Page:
The Importance of Holiday Visitation
Child custody issues can be even more difficult during the holidays. Having a clear schedule for each parent can help make the holidays less frustrating for everyone, and keep the focus where it ought to be: your children.
First, parents should agree on a parenting plan for their children. If the parents cannot agree, a judge will rule in the best interests of the children. Communication with your co-parent is critical if you want your wishes known in terms of holiday visitation. However, having the schedule in a formal document filed with San Diego’s family court will make it legally binding.
Your parenting plan should include when and where holidays, vacations, birthdays, school breaks, and other special occasions will be spent with each parent. Family emergencies—like funerals, for example—should also be part of the parenting plan so there isn’t any confusion if these situations occur.
Communication Is Key
Communication between parents is critical during the holidays—be organized so the last-minute rushes and schedule mix-ups do not occur. These problems leave everyone, especially children, confused and upset. There are many organizational tools parents can use to plan for visitation during the holidays: Web-based calendars, planners, and email. Be willing to speak with your co-parent. If it helps, think of this as an exceptional season, where things that would normally be cause for alarm can be treated with good humor and patience. Your children are watching you, so show them what the holidays are really about.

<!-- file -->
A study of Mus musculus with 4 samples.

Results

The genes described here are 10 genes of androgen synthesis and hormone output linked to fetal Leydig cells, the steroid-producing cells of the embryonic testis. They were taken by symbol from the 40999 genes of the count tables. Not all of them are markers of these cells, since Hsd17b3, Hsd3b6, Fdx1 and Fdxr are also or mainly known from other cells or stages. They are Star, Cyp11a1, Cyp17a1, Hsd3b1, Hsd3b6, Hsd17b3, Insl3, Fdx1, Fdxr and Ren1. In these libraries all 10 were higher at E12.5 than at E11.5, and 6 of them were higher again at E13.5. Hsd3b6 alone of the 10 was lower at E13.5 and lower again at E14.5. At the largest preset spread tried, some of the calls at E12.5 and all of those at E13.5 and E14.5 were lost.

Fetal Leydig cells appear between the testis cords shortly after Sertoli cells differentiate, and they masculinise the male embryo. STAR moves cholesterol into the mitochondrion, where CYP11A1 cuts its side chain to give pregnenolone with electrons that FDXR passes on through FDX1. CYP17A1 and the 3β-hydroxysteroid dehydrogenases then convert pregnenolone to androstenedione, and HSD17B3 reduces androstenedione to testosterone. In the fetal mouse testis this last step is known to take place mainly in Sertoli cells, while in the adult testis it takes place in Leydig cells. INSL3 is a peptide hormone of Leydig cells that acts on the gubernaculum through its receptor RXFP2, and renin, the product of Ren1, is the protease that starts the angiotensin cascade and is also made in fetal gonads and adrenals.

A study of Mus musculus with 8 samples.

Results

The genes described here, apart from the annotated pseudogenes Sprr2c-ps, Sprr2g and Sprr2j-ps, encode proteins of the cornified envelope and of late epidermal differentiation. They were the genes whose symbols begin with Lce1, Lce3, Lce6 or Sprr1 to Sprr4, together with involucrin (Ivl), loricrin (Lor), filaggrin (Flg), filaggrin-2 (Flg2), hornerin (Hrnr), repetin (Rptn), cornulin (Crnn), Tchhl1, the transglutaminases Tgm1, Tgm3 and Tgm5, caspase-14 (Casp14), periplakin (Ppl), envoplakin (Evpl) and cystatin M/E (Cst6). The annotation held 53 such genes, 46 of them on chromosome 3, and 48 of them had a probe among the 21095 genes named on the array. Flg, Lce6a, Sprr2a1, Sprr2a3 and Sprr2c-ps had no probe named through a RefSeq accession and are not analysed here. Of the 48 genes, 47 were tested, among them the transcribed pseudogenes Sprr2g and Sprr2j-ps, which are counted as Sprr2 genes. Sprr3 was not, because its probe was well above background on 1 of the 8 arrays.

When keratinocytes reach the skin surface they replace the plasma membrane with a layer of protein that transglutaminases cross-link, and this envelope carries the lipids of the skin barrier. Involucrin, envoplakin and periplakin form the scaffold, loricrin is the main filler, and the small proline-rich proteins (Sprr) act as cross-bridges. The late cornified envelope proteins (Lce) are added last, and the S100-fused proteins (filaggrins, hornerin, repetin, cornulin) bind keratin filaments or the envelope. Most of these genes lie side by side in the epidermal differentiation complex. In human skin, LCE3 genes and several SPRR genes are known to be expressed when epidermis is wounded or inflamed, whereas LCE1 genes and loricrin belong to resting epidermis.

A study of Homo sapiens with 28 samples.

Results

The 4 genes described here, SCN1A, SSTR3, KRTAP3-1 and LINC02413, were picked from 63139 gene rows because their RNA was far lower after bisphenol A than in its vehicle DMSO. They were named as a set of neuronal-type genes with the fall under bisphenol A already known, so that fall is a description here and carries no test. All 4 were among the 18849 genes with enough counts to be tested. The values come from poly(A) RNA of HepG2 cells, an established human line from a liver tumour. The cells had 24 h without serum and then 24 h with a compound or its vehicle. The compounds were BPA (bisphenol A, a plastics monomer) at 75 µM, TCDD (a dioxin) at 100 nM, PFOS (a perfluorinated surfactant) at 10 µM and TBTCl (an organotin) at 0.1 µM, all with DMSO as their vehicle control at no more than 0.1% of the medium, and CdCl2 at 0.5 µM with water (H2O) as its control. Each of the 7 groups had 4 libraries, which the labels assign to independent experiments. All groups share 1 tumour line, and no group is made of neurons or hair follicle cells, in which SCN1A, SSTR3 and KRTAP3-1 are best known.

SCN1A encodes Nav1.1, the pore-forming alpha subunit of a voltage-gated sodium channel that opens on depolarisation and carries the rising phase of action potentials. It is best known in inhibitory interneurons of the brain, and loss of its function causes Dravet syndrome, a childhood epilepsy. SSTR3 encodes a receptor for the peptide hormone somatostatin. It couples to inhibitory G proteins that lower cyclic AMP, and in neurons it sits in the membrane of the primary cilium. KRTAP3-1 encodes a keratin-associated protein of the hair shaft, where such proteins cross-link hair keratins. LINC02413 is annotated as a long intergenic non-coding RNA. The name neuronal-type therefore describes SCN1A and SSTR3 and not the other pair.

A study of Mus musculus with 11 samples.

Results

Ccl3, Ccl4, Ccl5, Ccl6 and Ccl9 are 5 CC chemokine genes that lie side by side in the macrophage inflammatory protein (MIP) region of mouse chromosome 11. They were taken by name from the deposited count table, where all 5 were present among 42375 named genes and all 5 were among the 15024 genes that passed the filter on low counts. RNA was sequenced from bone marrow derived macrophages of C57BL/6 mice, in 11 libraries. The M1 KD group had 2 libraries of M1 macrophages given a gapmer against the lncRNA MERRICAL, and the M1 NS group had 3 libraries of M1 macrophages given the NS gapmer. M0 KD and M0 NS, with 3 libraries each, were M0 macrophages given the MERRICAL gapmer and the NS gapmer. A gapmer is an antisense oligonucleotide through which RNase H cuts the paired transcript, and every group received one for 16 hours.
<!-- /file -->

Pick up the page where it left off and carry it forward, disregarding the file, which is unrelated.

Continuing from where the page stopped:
Children Need Their Parents’ Attention During the Holidays
No matter what holiday you celebrate this winter season, spending quality time with your children is the best present you can give them. Don’t try to “out-gift” your co-parent or load your children down with “fun” holiday activities. Instead, why not…
1. Have dinner together as a family. You can cook at home, or go to a quiet restaurant where you can really communicate and connect with your child. Maybe celebrate the holiday with a dessert that you make together.
2. Let your child choose a holiday outing, and make the day all about him or her. Maybe visiting the zoo, or going ice-skating, or going shopping at a special store.
3. Play a game together or read a holiday book out loud. Perhaps decorate the house together. Make it a special occasion, and put the focus on your child.
We recommend slowing down, and just enjoying the time that you have. Instead of rushing around, make this a holiday your child will remember.
A family attorney can help you with any legal questions you have about your visitation rights. If you’re facing difficulty over holiday visitation with your child, give us a call here at Huguenor Mattis, A.P.C., at (858) 458-9500 for a free consultation.